A recent report says the damage to the cruiser Port Royal after its 2009 grounding wasn't as extensive as initially expected. (Michael F. Laley / Navy via AP)
The brass believed the ship never returned to full readiness after its 2009 grounding off Honolulu Airport, despite $40 million in repairs. Admirals picked it as one of the seven cruisers to retire early, and it has been in a state of purgatory since.
Then lawmakers asked late last year: Is that your final answer?
No, the Navy replied.
Indeed, teams of ship assessors found that the 19-year-old cruiser is in OK shape, a new report says.
“Preliminary results indicate that the USS Port Royal’s material condition is comparable to other [Ticonderoga-class cruisers] that were included in the assessment,” Naval Sea Systems Command wrote in the May report to Congress, “and that the manifested effects of the grounding in February 2009 are not as extensive as previously believed.”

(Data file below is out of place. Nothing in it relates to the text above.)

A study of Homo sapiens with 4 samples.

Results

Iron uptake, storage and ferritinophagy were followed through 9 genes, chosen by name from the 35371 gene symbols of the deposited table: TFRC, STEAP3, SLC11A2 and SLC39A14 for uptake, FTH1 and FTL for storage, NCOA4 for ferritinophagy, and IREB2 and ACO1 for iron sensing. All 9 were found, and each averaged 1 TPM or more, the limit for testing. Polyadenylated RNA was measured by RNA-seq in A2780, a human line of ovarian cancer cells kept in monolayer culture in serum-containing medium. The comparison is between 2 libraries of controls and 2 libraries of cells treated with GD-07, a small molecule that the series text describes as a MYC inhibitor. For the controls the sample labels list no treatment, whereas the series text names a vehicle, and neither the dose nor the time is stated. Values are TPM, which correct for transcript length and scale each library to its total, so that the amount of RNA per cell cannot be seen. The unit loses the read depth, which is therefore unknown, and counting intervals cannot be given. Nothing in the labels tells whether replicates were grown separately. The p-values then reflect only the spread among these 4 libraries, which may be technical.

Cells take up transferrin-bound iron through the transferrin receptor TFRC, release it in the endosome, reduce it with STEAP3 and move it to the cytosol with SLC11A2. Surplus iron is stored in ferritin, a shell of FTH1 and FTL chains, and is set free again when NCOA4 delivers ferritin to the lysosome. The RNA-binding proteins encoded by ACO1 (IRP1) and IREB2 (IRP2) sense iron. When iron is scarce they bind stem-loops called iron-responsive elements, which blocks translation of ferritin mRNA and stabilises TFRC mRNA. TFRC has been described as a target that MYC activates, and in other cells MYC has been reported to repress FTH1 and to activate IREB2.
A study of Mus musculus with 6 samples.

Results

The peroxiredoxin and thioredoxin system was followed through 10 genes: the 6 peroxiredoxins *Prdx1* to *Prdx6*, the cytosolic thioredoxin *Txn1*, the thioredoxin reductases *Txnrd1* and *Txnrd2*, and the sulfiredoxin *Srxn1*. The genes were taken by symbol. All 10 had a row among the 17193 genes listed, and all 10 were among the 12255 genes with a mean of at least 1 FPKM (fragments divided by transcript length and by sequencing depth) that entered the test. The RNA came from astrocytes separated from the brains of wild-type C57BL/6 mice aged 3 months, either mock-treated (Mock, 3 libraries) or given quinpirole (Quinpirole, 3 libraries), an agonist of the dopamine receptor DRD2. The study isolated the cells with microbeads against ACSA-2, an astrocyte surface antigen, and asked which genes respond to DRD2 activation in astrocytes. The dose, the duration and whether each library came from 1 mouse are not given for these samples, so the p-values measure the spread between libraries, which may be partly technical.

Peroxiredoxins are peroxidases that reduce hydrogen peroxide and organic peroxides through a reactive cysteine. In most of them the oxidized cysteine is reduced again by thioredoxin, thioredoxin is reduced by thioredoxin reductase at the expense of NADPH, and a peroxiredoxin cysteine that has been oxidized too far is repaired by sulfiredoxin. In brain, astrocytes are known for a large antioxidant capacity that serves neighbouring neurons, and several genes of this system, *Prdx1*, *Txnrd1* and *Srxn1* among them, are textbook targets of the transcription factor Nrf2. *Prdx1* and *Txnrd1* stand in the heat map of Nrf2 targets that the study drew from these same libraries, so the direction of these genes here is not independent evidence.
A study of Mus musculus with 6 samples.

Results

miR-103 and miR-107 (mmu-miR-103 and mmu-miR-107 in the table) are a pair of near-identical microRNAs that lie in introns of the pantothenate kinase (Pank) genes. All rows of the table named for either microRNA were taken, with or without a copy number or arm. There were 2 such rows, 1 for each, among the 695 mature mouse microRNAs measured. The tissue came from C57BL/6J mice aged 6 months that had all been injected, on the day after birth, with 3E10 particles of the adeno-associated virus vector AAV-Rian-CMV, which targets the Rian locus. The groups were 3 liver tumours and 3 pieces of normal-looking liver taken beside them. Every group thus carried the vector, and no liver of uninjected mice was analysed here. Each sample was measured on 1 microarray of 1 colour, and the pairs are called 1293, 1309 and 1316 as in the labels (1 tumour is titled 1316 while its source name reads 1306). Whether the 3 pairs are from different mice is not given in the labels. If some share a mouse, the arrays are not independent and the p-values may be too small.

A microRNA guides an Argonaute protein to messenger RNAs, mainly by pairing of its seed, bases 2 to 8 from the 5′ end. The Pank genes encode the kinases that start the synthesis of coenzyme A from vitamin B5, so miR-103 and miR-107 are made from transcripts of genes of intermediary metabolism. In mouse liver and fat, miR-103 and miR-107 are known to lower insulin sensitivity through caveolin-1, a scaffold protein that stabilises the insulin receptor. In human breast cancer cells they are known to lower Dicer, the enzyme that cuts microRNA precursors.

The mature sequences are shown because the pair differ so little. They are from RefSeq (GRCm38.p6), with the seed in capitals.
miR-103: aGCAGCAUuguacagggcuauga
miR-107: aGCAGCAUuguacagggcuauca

NAVSEA is compiling a full report of the damages and the cost to repair the ship in an overhaul slated for fiscal 2016, according to the nine-page report first disclosed by the U.S. Naval Institute’s website.
The ship has deployed once since the grounding, in 2011, during which it had to stop in Bahrain to have “new structural cracks” repaired, according to the report. In addition to the grounding’s fallout, Port Royal suffers from the same superstructure cracking that has plagued the rest of the class.
While this could be the first step toward rehabilitating Port Royal, officials still could rule the cost of the repairs would be better put to maintaining newer ships. The full report is expected in early August.